Summary: On this “Baptism of Jesus” Sunday we might very well ask what John asked. Why did Jesus need to be baptized? Like John it is also good for us to see our need for baptism by Jesus.
John the Baptist. That name brings powerful images to mind. Camel’s hair clothes held together with a leather belt. Grasshoppers dipped in wild honey for a sweet and crunchy meal. Saying the morally right thing at the socially wrong time. John was the one who called the people who came to hear him preach a slimy gathering of slithering snakes. How is that for winning friends and influencing people? “Repent,” he shouted, “for the kingdom of heaven is near!” In spite of his outward strangeness and his directness in condemning sin he also baptized thousands for the forgiveness of their sins. He also preached the good news that God had pity on this planet and was sending a Savior.
Although John didn’t care what people thought of him and he seems to have never been at a loss for words there was one time in John’s ministry when he almost came unglued. Jesus, the Lamb of God himself, came to John to be baptized. We are told in Matthew’s gospel that John tried to stop him, saying, “I need to be baptized by you, and do you come to me?” (Matthew 3:14 (quickview) ) From what John knew about Jesus, baptism didn’t seem to fit him. Jesus was the sinless Son of God. Baptism was for sinners. John also knew that he himself was a sinner in need of God’s love and forgiveness. What right did he have to baptize Jesus? It made much more sense for Jesus to baptize John instead of the other way around.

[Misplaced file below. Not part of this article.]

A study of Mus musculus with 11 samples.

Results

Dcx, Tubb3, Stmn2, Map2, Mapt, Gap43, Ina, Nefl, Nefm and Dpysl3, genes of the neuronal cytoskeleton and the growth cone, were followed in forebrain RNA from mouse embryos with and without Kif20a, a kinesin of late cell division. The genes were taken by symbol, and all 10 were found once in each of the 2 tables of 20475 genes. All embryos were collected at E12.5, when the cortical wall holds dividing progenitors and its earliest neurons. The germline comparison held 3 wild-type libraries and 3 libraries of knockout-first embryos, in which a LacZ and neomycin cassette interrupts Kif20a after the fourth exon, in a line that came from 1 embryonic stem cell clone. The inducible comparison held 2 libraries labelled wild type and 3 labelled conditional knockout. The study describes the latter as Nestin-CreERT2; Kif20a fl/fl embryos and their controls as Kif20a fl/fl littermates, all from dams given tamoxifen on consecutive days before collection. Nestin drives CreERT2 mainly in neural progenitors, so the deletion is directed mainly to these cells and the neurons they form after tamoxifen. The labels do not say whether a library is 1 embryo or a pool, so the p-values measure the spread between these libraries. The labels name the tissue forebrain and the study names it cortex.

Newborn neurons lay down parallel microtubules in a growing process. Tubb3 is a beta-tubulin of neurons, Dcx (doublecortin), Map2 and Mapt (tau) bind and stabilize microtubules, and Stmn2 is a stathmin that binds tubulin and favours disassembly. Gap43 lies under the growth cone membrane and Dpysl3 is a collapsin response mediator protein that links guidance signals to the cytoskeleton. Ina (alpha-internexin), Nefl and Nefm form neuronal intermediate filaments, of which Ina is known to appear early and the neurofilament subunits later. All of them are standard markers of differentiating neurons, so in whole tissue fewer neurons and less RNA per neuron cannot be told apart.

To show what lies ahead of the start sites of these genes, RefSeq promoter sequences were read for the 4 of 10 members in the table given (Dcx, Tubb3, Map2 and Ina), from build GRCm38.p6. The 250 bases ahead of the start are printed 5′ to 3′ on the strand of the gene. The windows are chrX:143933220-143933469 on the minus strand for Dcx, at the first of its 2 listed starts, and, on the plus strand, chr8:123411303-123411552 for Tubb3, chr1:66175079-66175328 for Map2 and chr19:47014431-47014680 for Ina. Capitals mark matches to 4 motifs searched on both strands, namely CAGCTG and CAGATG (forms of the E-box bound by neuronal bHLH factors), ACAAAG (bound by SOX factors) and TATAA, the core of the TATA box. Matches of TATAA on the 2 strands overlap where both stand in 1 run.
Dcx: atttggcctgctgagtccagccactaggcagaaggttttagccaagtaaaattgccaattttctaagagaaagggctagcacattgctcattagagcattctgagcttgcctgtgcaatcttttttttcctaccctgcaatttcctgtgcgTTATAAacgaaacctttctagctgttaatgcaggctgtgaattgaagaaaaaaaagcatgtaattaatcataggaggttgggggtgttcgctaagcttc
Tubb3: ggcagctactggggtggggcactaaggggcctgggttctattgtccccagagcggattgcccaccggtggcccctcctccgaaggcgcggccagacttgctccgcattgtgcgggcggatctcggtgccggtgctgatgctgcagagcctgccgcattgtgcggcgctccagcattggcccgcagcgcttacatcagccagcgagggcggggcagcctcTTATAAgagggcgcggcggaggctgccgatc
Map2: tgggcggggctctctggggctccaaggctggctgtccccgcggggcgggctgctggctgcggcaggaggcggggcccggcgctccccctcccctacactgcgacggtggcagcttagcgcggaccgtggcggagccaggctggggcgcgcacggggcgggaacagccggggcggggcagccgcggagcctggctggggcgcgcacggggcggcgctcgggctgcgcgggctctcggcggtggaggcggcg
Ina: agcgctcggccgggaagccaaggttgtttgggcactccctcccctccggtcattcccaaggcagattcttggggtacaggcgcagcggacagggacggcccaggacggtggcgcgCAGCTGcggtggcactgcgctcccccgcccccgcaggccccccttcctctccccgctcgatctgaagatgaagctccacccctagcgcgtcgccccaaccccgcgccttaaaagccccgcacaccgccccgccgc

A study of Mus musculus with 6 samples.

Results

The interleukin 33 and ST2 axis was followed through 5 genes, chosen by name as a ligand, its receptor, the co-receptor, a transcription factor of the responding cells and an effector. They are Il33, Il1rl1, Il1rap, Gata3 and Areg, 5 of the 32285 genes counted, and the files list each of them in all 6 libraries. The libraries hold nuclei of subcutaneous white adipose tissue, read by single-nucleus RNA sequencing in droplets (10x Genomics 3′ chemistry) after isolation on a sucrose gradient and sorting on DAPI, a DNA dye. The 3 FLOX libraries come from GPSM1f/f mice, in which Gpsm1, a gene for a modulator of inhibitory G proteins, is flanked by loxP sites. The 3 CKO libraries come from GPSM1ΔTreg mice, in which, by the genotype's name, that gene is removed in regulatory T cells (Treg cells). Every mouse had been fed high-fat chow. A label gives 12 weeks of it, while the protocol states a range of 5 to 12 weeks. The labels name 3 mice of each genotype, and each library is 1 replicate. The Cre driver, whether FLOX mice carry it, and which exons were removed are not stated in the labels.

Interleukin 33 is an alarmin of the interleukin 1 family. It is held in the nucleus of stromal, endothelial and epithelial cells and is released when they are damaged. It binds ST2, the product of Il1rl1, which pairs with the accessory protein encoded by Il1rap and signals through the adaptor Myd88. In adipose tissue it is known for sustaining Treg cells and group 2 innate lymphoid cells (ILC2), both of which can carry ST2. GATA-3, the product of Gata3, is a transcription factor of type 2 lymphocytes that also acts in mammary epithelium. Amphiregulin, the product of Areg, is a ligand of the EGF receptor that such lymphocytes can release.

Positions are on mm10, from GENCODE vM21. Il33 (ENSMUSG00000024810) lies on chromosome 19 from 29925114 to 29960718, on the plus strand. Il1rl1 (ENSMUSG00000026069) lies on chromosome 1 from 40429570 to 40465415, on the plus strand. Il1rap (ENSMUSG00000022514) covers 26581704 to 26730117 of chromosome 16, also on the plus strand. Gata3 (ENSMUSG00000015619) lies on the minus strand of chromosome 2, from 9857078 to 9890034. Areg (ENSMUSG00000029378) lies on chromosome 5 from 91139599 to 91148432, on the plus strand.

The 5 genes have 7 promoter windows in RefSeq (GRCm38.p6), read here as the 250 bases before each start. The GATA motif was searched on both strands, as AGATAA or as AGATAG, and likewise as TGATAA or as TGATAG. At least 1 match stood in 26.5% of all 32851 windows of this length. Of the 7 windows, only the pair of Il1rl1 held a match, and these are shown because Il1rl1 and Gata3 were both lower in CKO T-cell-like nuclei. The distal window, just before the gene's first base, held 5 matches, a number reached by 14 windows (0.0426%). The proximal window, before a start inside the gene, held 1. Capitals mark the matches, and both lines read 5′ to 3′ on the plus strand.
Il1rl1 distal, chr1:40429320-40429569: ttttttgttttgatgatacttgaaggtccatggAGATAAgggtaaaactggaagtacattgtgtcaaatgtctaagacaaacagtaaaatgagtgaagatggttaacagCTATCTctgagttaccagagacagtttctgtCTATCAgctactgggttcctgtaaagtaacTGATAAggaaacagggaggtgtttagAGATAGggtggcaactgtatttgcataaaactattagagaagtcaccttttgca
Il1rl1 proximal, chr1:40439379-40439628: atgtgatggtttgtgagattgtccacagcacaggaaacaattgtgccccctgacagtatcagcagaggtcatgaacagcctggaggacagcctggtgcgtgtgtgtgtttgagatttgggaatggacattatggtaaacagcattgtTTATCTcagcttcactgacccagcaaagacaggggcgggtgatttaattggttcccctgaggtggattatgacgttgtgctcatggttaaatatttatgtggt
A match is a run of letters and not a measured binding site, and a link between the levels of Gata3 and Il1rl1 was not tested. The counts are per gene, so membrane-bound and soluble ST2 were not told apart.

John the Baptist’s statement about his own need for baptism and his question about Jesus’ need for baptism are two thoughts that would be appropriate for us to consider this morning. On this “Baptism of Jesus” Sunday we might very well ask what John asked. Why did Jesus need to be baptized? Like John it is also good for us to see our need for baptism by Jesus.
The Word of God that will lead us to a better understanding of both points is our gospel lesson from Luke 3:15-17 (quickview) , 21 & 22. Let’s use the amazing truth expressed by Luke in verse 21 for the theme of our sermon. Luke says that:
“JESUS WAS BAPTIZED TOO”
I. He was baptized like a sinner to serve as their Savior
II. He provides a baptism for sinners in order to save them
Stories often “flash ahead” in time. Perhaps you have seen a movie that began with a powerful scene of some kind. Then in the very next frame of film you read a subtitle that said, “30 years later.” If we were watching the life of Jesus played for us like a movie our gospel lesson for this morning would be just such a jump ahead in time. Two weeks ago we celebrated Jesus’ birth. Today we hear about him when he is around age 30. Other than one report about something that happened in Jesus’ life when he was twelve years old we simply are not told what happened from his birth to the time of his baptism.
Our gospel lesson for this morning takes us to that turning point in the written history of Jesus’ life. “When all the people were being baptized, Jesus was baptized too. And as he was praying, heaven was opened and the Holy Spirit descended on him in bodily form like a dove. And a voice came from heaven: ‘You are my Son, whom I love; with you I am well pleased.’” Jesus was baptized too. That statement brings us back to the question John the Baptist expressed. Why did Jesus need to be baptized? It also leads us to see our unworthiness and our need for a baptism provided by Jesus.